The Red Dog Mine: A mechanism for hope and a catalyst for northwest Alaska

by Helvi Sandvik

Four hundred miles north of Bethel is the Red Dog Mine, a living testament to how one mine can be transformative for an indigenous population who primarily lives a subsistence way of life.
Red Dog has improved downstream water quality and fish habitat, increased economic opportunities for the region’s residents, provided employment in a land of few jobs and greatly increased median household incomes.
The mine is associated with dramatically improved graduation rates, better student performance and paths to both vocational and professional careers.
Red Dog is a zinc, lead and silver mine located in the DeLong Mountains of Alaska’s Brooks Range, 90 miles north of Kotzebue and 55 miles from the Chukchi Sea. An open-pit, truck-and-loader operation, it uses conventional drill and blast mining methods, all similar to what is proposed at Donlin Gold. The concentrates produced at Red Dog are trucked 52 miles to tidewater for storage and export at state-owned facilities.
The mine was developed in 1982 under an innovative operating agreement between NANA, an Alaska Native Corporation owned by the Inupiat people of Northwest Alaska, and Teck Alaska, a U.S. subsidiary of Teck Resources, a diversified mining company headquartered in Canada. NANA owns the land at Red Dog and NANA shareholders receive direct and meaningful benefits from development of the mine.
In 2015, the state’s “think tank,” the University of Alaska’s Institute of Social and Economic Research, issued a case study of Red Dog called “Mining and Sustainable Communities.” Here is a summary of its primary findings:
After more than a quarter century of discharging treated mine water, Red Dog has actually improved downstream water quality and fish habitat. The Alaska Department of Fish & Game reports an aquatic environment that is healthier than it was before the mine existed, a healthy benthic environment downstream of the project and healthy fish populations with metals within safe concentrations. The reason why is the quality of the water Red Dog returns to Red Dog Creek. It is so much cleaner than what occurs naturally that the creek now supports a healthy population of Arctic Grayling.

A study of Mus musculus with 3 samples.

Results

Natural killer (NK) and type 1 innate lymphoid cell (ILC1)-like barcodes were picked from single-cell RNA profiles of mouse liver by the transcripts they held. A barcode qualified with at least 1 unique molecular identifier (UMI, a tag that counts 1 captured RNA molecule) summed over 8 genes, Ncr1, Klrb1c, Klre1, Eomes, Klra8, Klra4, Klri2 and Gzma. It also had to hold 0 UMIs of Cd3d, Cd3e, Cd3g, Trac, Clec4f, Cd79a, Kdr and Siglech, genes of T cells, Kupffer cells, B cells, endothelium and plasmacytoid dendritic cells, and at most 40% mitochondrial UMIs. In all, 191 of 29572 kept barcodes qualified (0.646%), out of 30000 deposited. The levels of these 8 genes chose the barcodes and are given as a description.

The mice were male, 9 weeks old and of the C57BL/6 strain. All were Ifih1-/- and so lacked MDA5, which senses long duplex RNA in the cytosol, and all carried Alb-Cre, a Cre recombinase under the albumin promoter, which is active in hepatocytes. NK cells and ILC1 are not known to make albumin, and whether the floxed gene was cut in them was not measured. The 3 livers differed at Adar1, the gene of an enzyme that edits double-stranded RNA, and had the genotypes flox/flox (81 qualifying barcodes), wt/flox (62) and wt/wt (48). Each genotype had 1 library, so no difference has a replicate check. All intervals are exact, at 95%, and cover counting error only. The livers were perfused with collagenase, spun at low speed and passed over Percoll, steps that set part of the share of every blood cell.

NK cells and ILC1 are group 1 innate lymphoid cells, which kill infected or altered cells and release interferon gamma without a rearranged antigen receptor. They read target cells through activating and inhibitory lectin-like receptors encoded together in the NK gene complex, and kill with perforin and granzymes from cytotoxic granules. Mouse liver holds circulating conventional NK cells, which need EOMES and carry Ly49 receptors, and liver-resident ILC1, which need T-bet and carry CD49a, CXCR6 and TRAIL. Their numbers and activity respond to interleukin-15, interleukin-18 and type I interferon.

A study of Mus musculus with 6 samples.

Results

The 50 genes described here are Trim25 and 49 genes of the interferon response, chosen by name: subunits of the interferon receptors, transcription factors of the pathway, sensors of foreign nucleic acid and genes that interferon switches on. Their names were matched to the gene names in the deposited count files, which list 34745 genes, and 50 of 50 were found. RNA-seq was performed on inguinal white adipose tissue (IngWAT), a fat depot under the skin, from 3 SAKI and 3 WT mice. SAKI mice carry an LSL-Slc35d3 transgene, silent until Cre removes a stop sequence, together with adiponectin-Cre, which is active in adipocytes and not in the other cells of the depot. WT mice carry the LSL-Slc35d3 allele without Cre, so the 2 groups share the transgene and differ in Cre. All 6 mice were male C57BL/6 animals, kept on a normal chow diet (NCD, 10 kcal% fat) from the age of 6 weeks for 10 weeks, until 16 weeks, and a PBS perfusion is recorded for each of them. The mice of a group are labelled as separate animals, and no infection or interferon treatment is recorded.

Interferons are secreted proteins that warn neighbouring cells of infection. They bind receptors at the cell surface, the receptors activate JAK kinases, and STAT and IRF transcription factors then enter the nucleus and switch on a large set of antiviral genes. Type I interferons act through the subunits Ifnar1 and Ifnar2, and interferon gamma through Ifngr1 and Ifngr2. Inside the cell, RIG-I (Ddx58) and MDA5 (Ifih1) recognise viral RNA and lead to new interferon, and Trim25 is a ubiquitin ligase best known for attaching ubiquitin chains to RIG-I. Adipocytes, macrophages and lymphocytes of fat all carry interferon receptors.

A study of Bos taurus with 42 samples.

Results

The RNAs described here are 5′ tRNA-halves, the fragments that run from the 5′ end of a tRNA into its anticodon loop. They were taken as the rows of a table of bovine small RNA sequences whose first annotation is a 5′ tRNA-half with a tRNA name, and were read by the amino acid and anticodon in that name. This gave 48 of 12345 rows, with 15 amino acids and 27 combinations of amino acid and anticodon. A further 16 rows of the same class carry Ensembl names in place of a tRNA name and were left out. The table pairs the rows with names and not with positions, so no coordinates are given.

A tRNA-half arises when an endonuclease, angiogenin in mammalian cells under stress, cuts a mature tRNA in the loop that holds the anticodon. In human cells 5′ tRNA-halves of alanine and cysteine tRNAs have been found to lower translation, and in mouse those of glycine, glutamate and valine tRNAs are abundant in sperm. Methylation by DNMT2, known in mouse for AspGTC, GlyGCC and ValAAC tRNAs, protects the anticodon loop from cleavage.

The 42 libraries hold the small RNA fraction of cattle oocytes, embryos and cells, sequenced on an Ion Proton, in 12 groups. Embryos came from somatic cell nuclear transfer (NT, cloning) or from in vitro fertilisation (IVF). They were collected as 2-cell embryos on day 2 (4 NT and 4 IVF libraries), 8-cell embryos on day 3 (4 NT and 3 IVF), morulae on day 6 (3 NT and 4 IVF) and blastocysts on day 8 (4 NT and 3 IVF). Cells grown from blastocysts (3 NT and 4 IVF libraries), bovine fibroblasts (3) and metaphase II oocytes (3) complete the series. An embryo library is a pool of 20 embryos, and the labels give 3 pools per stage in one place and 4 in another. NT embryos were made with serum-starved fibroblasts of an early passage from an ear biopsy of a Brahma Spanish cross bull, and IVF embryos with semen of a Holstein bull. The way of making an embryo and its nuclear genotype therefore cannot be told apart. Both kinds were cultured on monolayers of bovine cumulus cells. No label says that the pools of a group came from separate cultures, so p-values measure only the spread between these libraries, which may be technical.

The operating agreement between NANA and Teck establishes a subsistence committee that provides a mechanism to work out environmental and subsistence issues. Elders have power to shut down the mine in certain situations. The committee decides when ore loading can begin at the port to avoid any conflicts with subsistence beluga hunts, and allows for road closures during caribou migrations.
The operating agreement also establishes a shareholder hire preference, sets goals and provides for contracting preference to NANA companies. This has allowed NANA is use the mine to develop subsidiaries like NANA Lynden and NANA Management Services, which now have operations around the world.
The mine supports 715 jobs, with a payroll of $65 million in the Northwest Arctic Borough. The average Red Dog employee earns almost twice the average annual private sector wage in Alaska, and the median annual income for households in the borough has risen from $17,756 to $60,870.
Teck has paid over $1 billion to NANA, which shared $617 million of it with other regional and village corporations. These revenues are an essential source of funding for many YK villages.
Red Dog has had a significant, positive impact on education, helping to increase high school graduation rates from 48 percent in 1980 to 80 percent today. That’s the highest graduation rate of any comparable rural, predominantly Native, school district. The mine provides a realistic career path for many students, especially the 90 percent who are not college-bound.
Mine operator Teck supports workforce development programs, including training and apprenticeship programs and scholarships.
The mine has made a dramatic difference for the younger residents of the Northwest Arctic Borough. They are much better educated, have more employment options, make considerably more money and are far less likely to live below the poverty level.
As NANA points out, “Red Dog is more than just a mine developing essential minerals. It is a mechanism for hope and catalyst for the northwest Alaska and the statewide economy.”
Helvi is the current president of Kidways LLC and the former president of NANA Development Corporation.